Why The Girls On Love Island Should Stop Referring To Themselves As ‘The Prize’

The Love Island love triangles are causing some of the girls to have a confidence crisis...

Love Island

by Nikki Peach |
Published on

We’re eleven series into Love Island, but we’re still a long way from healthy, balanced heterosexual relationships being the norm. So far this series, which started on 3 June on ITV2, we’ve seen the boys lusted over for doing the bare minimum, while the girls run circles around them and compete with one another for their attention.

There is a noticeable power imbalance between the boys and the girls, which has created a more competitive atmosphere than usual. It seems like everyone is rushing to find one person they can stick with, rather than trying to get to know everyone so that they can make an informed decision based off their strongest connection.

Even Samantha Kenny, who is currently coupled up with Joey Essex, referred to them as the 'king and queen' of the villa - a bold statement to make considering they are one week in and he doesn't seem all that interested in her.

Whether it be because 'day one couples' on Love Island have done well in the past, or simply because these islanders just want to skip the 'pull you for a chat' phase, they seem to be turning dating into a game of winners and losers. This is, of course, most noticeable in the love triangles.

There are currently two love triangles on the show; the first is Ayo Odukoya, Mimii Ngulube and Uma Jammeh, and the second is Ronnie Vint, Jess White and Harriet Blackmore. Sadly, an unremarkable man holds all the power in both situations, while four strong-willed women are left vying for their attention and reducing themselves to 'prizes'.

When Harriet stopped speaking to Ciaran Davies, she started getting to know Ronnie and they shared a kiss in the hideaway. Ronnie was coupled up with Jess at the time, leading to a rivalry between the two girls. While expressing her frustration with the situation, Jess has repeatedly said 'I'm the prize' Ronnie was coupled up with Jess at the time, a rivalry between the two girls ensued and Jess has repeatedly said 'I'm the prize'.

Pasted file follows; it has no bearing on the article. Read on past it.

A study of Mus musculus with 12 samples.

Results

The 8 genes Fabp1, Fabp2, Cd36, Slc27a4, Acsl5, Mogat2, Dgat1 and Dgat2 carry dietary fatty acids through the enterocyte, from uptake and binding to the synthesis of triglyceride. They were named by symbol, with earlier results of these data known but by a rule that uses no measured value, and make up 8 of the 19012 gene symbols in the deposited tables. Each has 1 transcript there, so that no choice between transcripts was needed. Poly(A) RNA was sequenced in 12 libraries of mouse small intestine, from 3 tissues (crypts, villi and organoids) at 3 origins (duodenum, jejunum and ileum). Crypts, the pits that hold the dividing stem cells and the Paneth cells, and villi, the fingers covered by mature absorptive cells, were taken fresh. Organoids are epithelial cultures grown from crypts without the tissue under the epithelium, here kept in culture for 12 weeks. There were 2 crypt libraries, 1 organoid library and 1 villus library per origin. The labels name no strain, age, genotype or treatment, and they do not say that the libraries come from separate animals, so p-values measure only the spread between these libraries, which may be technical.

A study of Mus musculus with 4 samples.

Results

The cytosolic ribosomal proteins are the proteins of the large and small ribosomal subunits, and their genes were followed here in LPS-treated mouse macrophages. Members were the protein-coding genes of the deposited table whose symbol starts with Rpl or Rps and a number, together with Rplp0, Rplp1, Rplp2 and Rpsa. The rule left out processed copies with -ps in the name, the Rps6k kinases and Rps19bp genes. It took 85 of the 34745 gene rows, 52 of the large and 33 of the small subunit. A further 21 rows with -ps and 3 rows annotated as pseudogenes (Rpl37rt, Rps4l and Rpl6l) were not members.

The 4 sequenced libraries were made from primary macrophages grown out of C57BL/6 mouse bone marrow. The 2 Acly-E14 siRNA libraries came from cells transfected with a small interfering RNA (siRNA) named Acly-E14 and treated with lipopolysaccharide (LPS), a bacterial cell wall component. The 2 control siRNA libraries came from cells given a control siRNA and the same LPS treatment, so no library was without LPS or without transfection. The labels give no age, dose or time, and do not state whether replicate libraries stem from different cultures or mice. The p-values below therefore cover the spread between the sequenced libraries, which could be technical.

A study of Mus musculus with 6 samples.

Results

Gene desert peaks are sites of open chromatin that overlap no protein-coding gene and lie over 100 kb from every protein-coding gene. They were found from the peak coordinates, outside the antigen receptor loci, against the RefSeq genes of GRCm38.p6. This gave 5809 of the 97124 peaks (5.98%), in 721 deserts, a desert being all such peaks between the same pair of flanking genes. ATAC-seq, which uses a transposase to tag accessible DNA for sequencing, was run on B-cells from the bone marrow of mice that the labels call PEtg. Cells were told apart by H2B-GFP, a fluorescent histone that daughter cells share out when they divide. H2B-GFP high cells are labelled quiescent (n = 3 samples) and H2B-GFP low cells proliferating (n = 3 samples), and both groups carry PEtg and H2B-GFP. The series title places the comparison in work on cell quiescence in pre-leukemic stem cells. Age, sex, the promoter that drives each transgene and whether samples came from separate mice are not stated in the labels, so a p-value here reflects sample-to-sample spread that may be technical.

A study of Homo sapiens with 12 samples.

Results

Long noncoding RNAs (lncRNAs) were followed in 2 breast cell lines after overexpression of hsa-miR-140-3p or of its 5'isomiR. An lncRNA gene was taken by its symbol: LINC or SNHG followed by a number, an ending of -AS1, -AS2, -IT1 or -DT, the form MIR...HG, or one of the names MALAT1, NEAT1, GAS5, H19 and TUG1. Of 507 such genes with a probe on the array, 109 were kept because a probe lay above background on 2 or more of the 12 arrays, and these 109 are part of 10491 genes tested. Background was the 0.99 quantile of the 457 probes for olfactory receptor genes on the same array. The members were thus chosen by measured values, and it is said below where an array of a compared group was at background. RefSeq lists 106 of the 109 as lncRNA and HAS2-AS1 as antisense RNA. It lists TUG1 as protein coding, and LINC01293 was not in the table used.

Of course, it’s never nice to feel like an ‘option’ when someone you like is dating other people, but no women should reduce her worth to that of a 'prize' - especially if the contest is for male attention. This is needlessly competitive language that does them both a disservice.

The same is true with Mimii, Ayo and Uma. When Mimii picked Ayo at the last recoupling, Uma seemed upset that they were still exploring their connection because she was thought Ayo had made it clear he was leaning more towards her. When the three of them sat down to clear the air, Ayo confirmed that he likes both of them and wants to get to keep getting to know them at the same time. Uma asked, 'so we're equal then?' as if she and Mimii had just got the same score in a pub quiz.

Of course, it's difficult to get to know someone naturally when you’re living with nine other people trying to do the same thing, but it's sad to see these confident, beautiful women questioning their worth based on the whims of random men they've just met. And it's even worse to see them pitting themselves each against other as a result.

Language like this turns relatively normal (albeit awkward and intensified) dating dynamics into a contest where the 'best' person wins – and, in reality, no one does.